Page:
The world's enduring dictators: Ali Abdallah Saleh, Yemen

Yemeni President Ali Abdullah Saleh attends the opening session of the Arab Summit March 27, 2010, in Sirte, Libya. AFP/Getty Images

Yemeni President Ali Abdullah Saleh, delivers a speech to his supporters during a rally supporting him in Sanaa, Yemen, Friday, April 1, 2011.
AP Photo/Hani Mohammed
This is an installment in the WorldWatch series, "The world's enduring dictators," inspired by events in Tunisia and Egypt, in which CBSNews.com takes a look at the men who continue to rule their lands unimpeded by law. See a complete explanation of the series and a list of others profiled here.

Ali Abdallah Saleh, Yemen

Length of rule: 32 years. President Ali Abdallah Saleh has been leading the current form of Yemen's republic since 1990, when Yemen took its modern shape after being divided in two since 1967. However, Saleh has been president of at least part of Yemen in its various forms since 1978, ruling unimpeded over a violent and hard-to-govern nation plagued by repeated secessionist movements.

Feature page: The world's enduring dictators

Most despotic acts: Prior to the violent response to recent anti-government demonstrations, Yemen's state security forces had been accused of a long list of human rights violations, among the most prominent being: the recruitment of child soldiers; bombing and shelling civilian areas in various uprisings and anti-terrorism maneuvers; and frequent abductions, arbitrary arrests, beatings and torture of dissidents and journalists. While Saleh might be the man in charge, a 2006 report (PDF) commissioned by USAID suggests there is in Yemen "a system of grand corruption (that) has emerged over the last several decades thriving on the combination of weak state institutions and a fragmented elite structure." Saleh and his family are rumored to have benefited heartily from this system.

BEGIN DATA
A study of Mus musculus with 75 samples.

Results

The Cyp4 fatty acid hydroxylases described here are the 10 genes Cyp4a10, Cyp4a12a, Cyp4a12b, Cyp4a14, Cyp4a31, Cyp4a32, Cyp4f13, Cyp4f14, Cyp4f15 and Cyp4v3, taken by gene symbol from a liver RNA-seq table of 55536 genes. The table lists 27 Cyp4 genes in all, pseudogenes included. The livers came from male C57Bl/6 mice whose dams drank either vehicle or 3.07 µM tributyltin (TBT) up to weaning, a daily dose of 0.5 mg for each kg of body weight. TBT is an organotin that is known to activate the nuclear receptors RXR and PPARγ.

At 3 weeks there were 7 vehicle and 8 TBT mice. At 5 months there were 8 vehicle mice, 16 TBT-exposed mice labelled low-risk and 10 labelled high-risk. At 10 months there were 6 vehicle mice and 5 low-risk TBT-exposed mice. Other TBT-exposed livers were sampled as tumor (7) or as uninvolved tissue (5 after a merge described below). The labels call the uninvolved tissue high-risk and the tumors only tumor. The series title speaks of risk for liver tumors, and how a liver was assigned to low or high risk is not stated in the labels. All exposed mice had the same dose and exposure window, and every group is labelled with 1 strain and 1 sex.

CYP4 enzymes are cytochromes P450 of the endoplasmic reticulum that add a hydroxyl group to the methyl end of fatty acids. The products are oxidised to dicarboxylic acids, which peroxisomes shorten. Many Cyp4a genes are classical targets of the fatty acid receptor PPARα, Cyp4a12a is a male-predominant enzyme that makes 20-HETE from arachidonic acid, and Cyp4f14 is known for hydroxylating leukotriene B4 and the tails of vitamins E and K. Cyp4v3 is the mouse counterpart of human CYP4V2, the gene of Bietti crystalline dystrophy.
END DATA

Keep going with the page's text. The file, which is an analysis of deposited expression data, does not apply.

Outlook for change: (Last updated 5/19/2011) A popular uprising in Yemen against Saleh began shortly after Egypt's protests started earlier this year, and it has only grown since. Despite, or perhaps because of, his longtime rule and place as an important U.S. regional ally, Saleh has been plagued by mass defections from his government and army. He's even been abandoned by his own tribe in a country well-known for its tribal loyalties. In April, Saleh tried to strike a deal with protestors to step down in exchange for immunity, which they promptly rejected. That rejection has resulted in ongoing waves of violence between state security and demonstrators, in which many hundreds, perhaps thousands of people have been killed as of the writing of this report. The violence seems unlikely to ebb until Saleh, who has gone back and forth about his willingness to step down, finally leaves.

Yemen stats:

Population: 23,495,361; predominantly Arab, but also some Afro-Arab, South Asians, Europeans; Median Age is 18.

Constitution and the Rule of Law: Republic under an authoritarian regime; Everyday law based on Islamic law, Turkish law, English common law, and local tribal customary law.

Economic Indicators: Overall GDP is $61.9 billion (world rank is 85); Per capita GDP is $2,600 (world rank is 174); unemployment rate of 35 percent (world rank is 185).

Press freedom index world rank: 170

World Rulers
  • Joshua Norman

    Joshua Norman is a Senior Editor at CBSNews.com.